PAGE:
The UK has again demonstrated the ongoing trend against hold-out, approving an order forcing Apple to commit to take a license on FRAND terms, to be determined by the court, or face an injunction. This ruling is the latest in a line of decisions favorable to SEP holders across Europe and the United States that seem to be retilting SEP licensing towards more balance between innovators (patent owners) and implementers (alleged infringers). While there is more progress to be made, and the recognition of hold-out as a real problem continues to gain traction, this new UK decision reinforces basic principles of patent law: injunctions for SEPs are a real possibility.
Thirteen months after Justice Meade gave Apple the choice of committing to undertaking a license—with FRAND terms to be decided later by the court—or face an injunction, the UK Court of Appeals upheld his decision forcing Apple’s commitment. Although the court also denied Optis’ cross-appeal and held that an immediate injunction should not issue, it reiterated that an unwilling licensee, who refuses to undertake a commitment to a license without contingency, will be enjoined. Tellingly, the decision focused heavily on issues of implementer hold-out in the tactics and arguments advanced by Apple.
Optis and Apple have been entangled in a years-long global dispute over Optis’ SEP portfolio relating to the Long-Term Evolution (LTE) standard for wireless telecommunications utilized by Apple’s 3G and 4G devices. Following four technical trials in the UK—covering essentiality, validity, and infringement—the parties met at a fifth proceeding to determine relief, including the terms of a FRAND license. Prior to the fifth trial, however, the UK court forced Apple to commit to taking a license on judicially determined FRAND terms or face an injunction. This commitment was a blind undertaking, such that Apple must agree to take the license without knowing the terms. Apple refused, and, Optis sought an immediate injunction. Justice Meade sided with Optis and ordered Apple to commit or be enjoined. A month later, Apple made its commitment, but appealed the decision requiring its undertaking before it could see the terms of the license.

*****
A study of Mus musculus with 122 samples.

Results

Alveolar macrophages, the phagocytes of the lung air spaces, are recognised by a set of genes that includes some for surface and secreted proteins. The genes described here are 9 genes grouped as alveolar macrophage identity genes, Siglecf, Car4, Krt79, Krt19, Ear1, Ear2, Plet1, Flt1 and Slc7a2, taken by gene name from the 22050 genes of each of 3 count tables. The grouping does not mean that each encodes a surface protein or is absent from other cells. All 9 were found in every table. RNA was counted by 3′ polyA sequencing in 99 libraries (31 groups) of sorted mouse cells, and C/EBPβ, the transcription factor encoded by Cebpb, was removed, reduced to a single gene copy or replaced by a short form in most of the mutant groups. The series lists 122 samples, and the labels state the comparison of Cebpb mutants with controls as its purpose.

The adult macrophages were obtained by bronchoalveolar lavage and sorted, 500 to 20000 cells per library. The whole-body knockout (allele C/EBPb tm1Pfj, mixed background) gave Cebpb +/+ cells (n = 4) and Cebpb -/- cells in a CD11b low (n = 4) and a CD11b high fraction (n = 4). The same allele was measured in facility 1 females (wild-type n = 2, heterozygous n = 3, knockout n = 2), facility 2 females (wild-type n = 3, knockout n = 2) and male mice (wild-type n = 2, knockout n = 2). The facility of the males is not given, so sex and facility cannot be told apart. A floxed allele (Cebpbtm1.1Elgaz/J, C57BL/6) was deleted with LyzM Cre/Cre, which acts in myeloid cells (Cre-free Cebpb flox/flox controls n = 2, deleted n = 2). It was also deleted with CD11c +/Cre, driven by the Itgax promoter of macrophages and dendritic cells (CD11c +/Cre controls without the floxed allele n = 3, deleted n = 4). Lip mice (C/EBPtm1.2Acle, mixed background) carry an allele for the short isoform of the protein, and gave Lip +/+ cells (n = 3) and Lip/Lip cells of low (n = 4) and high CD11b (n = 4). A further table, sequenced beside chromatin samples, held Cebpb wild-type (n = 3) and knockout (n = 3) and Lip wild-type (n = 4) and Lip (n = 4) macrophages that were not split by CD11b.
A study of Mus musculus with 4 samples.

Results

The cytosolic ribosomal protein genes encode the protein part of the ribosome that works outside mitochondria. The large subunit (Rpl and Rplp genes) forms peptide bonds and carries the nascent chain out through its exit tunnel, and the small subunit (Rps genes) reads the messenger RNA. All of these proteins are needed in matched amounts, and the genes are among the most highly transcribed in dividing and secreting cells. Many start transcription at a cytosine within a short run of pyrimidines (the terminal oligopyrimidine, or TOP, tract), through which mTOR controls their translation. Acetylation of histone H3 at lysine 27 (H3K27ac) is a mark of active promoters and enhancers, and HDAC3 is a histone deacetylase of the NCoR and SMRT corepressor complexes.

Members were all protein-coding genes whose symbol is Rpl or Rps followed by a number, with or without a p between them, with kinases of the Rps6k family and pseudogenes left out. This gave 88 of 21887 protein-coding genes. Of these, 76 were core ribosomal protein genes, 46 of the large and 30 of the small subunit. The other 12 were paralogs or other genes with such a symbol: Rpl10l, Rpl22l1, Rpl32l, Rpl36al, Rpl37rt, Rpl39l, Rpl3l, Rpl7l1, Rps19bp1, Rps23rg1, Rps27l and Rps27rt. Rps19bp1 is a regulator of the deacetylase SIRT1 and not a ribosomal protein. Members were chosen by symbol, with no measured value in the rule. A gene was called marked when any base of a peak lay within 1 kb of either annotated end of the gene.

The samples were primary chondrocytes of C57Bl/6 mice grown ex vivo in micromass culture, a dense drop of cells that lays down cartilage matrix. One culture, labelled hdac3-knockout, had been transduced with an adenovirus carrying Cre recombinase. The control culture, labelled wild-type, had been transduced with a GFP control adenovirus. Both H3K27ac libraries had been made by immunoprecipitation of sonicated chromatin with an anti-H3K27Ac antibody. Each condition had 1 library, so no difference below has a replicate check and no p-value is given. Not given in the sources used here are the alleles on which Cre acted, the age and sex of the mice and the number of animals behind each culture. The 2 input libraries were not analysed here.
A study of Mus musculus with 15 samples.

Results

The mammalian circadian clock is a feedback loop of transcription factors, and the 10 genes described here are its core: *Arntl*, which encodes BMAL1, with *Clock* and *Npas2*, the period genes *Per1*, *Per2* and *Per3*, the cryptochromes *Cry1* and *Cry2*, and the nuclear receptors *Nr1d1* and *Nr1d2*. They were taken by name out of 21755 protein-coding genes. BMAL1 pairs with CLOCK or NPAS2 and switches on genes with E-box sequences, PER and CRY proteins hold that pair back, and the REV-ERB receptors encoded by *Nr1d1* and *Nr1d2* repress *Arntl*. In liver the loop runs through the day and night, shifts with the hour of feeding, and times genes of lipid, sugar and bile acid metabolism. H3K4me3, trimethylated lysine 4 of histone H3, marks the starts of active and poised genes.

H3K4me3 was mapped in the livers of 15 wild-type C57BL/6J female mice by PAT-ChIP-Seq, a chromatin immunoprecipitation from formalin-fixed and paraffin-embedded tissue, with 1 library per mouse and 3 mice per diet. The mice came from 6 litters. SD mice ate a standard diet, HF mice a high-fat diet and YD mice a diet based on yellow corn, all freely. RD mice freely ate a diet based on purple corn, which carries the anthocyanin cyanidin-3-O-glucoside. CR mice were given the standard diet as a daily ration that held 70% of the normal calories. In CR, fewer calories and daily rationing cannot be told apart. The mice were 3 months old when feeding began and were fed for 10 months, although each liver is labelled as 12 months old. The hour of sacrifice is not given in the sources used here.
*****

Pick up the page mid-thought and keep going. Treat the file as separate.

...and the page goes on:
Apple’s appeal was predicated on the notion that Optis was not entitled to an injunction unless and until the court determined FRAND terms and Apple had an opportunity to decide whether to take a license on those terms. Optis argued that it was entitled to an immediate injunction based on Apple’s refusal. The court’s decision rested on four factors, including (1) the proper interpretation of clause 6.1 of the ETSI IPR Policy to which the SEPs were committed; (2) competition law arguments raised by Apple; (3) the lower court’s discretion in exercising an injunction; and (4) Whether Apple’s contingent undertaking of October 15, 2020 had any effect.
The court found that clause 6.1 ETSI IPR Policy created an irrevocable undertaking on Optis’ part that required it to grant Apple a FRAND license if, and when, it chose to accept one. The court also held that Apple must commit to accepting the terms of the court-ordered license or face an injunction because Apple was already infringing the SEPs. The court was unpersuaded by Apple’s argument that it was being asked to issue a blank check for terms that could be uncommercial or unviable to it. The court noted that the terms to be determined by the lower court would be objectively FRAND and that if an implementer was unable to pay such a rate it should not be using the patented technology.
This order provides further clarification to the UK approach to adjudicating SEP-disputes and further establishes a roadmap for other jurisdictions to follow to equitably adjudicate SEP litigation. Although Justice Arnold criticized both parties for what he perceived as dual-attempts to “game the system,” he noted that, “Apple’s behavior in declining to commit to take a Court-Determined Licence once they had been found to infringe…and their pursuit of their appeal, could well be argued to constitute a form of hold-out." This seems to foreclose certain gamesmanship by implementers and sends a clear message that Apple’s approach to hold-out will be at the risk of an injunction.
Justice Arnold went on to suggest that standard setting organizations (SSOs), such as ETSI, should integrate legally enforceable arbitration agreements into their policies to mitigate bad behavior in SEP licensing. The industry should closely watch to see if SSOs do, in fact, adopt such an approach because it may help curb hold-out even more and impact SEP-holder strategy as well. Indeed, in the long run, everyone will benefit from a market with efficient licensing schemes, one in which hold-out is not a viable strategy.
Apple may still try to appeal the order on the FRAND license terms, once it issues, but Apple is running out of options and will ultimately face an injunction if it does not accept the terms.